COMMENTARY

What Is Killing Us and What Can We Do About It?

Tom G. Bartol, NP

Disclosures

February 15, 2017

Mortality in the United States, by the Numbers

The National Center for Health Statistics (NCHS) periodically publishes data briefs, which provide statistics on current public health topics in what they call a "straightforward format." One such brief includes mortality data in the United States for the year 2015, adjusted for gender, race, ethnicity, and cause of death.[1]

A total of 2,712,630 deaths were registered in the United States in 2015. The 10 leading causes of death (heart disease, cancer, chronic lower respiratory diseases, unintended injuries, stroke, Alzheimer disease, diabetes, influenza and pneumonia, kidney disease, and suicide) accounted for 74.2% of all deaths. The report shows a slight 0.1-year reduction in life expectancy from 78.9 to 78.8 years. The age-adjusted death rate increased from 724.6 deaths/100,000 people in 2014 to 733.1/100,000 in 2015.

Viewpoint

Statistics on death and the risk of dying from various causes are ubiquitous. These reports are often powerful and emotionally charged. We hear such claims as "prostate cancer is the second leading cause of cancer death in men," "more than 50,000 people will die of colon cancer this year," or "1 in 8 women will be diagnosed with breast cancer in their lifetime." These statements can induce worry, concern, and confusion.

This NCHS data brief tells us that the total age-adjusted mortality rate for 2015 in the United States was 731.1/100,000 people, representing an increase of 1.2% over 2014. About 23% of the deaths were caused by heart disease and 22%by all cancers. These two categories are by far the biggest killers. Ranking a distant third was chronic lower respiratory diseases, which were responsible for 5.5% of deaths.

These data can be compared with those of the Surveillance, Epidemiology, and End Results (SEER) program, a branch of the National Cancer Institute. The most recent SEER data are from 2013.[2] The 2013 death rate from colon cancer, according to SEER, was 14.5/100,000; from breast cancer it was 20.7/100,000, and from prostate cancer it was 19.2/100,000.[3,4,5]

These numbers make it clear that only a small proportion of deaths each year are from these three well-publicized cancers. The 50,000 annual colon cancer deaths account for only about 2% of all deaths. One in eight women who live to age 80 will get breast cancer, but only about 3% of annual deaths are the result of this disease. Although it's the second leading cause of cancer death in men, prostate cancer is the cause of only 2.5% of all annual deaths.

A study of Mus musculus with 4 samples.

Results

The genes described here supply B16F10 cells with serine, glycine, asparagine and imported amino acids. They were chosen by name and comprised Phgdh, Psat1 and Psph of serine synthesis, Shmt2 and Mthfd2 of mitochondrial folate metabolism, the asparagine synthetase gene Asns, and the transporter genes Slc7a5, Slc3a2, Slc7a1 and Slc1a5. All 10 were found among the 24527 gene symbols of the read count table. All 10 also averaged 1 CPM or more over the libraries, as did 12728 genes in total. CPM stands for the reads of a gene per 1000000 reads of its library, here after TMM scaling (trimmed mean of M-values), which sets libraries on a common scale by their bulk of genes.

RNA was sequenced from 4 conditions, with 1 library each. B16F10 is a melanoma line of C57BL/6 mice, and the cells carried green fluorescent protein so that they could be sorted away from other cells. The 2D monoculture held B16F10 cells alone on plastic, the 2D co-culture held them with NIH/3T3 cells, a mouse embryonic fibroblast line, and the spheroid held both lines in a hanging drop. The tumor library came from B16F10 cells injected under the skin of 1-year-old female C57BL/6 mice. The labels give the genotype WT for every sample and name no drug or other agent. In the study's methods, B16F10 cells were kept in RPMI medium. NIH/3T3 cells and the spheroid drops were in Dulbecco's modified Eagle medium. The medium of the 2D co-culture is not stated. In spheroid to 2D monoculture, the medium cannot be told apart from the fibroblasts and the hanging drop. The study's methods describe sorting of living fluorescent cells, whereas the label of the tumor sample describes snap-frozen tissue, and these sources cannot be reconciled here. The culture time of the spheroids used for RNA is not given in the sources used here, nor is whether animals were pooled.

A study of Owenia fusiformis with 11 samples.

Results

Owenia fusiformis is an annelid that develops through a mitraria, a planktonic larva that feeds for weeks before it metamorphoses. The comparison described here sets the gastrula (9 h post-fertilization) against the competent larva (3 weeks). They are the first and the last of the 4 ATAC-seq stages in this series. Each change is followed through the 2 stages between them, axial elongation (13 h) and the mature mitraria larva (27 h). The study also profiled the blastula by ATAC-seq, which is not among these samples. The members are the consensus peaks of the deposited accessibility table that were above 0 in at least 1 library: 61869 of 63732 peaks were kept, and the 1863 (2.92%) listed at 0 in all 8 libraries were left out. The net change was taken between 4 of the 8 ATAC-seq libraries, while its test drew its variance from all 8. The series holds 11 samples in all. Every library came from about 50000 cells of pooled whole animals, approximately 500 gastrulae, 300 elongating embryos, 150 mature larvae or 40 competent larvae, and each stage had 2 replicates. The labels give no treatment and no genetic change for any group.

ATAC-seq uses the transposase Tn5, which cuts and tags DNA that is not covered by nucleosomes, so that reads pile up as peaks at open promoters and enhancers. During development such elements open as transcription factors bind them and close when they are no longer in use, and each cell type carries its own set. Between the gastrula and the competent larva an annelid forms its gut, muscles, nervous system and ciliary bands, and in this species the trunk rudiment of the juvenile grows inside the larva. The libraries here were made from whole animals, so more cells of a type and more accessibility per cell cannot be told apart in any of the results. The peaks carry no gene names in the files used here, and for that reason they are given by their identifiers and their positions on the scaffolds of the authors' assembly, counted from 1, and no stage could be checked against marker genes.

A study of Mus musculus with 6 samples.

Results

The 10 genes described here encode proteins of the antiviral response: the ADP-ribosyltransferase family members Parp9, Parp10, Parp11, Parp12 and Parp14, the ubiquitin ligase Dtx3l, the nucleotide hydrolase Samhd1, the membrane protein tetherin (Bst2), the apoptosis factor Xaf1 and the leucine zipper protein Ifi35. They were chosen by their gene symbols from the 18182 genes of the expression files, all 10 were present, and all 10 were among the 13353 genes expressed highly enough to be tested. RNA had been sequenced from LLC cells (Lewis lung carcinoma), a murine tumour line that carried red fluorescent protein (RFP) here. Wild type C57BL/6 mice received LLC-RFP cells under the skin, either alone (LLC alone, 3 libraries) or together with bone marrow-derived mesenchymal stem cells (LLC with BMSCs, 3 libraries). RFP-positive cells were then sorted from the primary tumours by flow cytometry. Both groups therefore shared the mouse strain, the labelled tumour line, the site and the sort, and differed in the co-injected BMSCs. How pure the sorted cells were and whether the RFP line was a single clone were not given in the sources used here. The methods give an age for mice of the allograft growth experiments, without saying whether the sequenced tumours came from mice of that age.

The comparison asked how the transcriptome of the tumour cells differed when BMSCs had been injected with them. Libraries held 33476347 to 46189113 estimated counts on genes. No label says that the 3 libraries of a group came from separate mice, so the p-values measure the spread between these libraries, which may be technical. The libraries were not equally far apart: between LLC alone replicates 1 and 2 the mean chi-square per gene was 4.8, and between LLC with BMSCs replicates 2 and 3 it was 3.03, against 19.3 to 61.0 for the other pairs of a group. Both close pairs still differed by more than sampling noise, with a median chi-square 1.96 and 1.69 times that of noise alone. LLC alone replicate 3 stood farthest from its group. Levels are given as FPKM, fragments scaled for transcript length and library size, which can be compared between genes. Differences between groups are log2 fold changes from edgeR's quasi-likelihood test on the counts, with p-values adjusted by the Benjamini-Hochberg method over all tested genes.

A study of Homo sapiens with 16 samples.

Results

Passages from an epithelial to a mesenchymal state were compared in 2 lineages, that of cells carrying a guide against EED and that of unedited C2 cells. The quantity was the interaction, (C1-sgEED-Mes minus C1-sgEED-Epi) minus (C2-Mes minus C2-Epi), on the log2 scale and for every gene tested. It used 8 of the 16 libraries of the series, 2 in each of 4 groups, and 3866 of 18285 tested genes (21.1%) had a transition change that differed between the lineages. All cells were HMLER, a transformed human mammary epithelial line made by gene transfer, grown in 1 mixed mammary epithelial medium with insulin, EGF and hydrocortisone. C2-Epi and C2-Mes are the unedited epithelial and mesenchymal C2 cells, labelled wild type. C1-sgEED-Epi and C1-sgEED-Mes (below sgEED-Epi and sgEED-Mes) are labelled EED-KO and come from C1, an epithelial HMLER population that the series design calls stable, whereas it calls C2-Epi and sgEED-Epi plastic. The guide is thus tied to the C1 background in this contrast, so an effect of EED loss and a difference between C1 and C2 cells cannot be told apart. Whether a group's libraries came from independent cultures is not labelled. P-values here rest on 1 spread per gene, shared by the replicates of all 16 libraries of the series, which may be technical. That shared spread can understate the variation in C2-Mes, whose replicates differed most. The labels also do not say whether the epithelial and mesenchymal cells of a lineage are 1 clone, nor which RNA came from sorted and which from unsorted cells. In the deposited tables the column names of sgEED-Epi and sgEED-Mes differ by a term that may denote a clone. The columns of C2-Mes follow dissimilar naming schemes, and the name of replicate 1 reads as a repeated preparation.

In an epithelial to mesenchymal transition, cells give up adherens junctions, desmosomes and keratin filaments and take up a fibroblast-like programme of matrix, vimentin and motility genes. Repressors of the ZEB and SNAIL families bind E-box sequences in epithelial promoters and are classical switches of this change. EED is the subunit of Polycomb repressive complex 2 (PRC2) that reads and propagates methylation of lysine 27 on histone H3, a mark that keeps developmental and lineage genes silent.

To improve health and reduce death rates, efforts must focus on preventing the leading causes of death. Screening and early detection of cancer or heart disease will not make as big an impact as preventing these diseases. The Centers for Disease Control and Prevention claim that avoiding tobacco, increasing physical activity, and healthier eating could prevent about 900,000 deaths of the 2.7 million, or about one third of all deaths annually.[6] Understanding causes of mortality can help to prioritize preventive services.

When we can share with patients the dramatic impact of lifestyle change on prevention of disease, they can make informed choices about healthier lifestyles. It is easy to focus on quality measures, screening, and pharmacotherapy, but the real impact on health will come when patients understand the dramatic role that lifestyle plays on actual health outcomes. Along with actions such as screening mammography, colonoscopy, and statins for prevention of heart disease, we must educate patients and model in our own lives the positive impact of exercise, healthy eating, and smoking cessation on morbidity and mortality.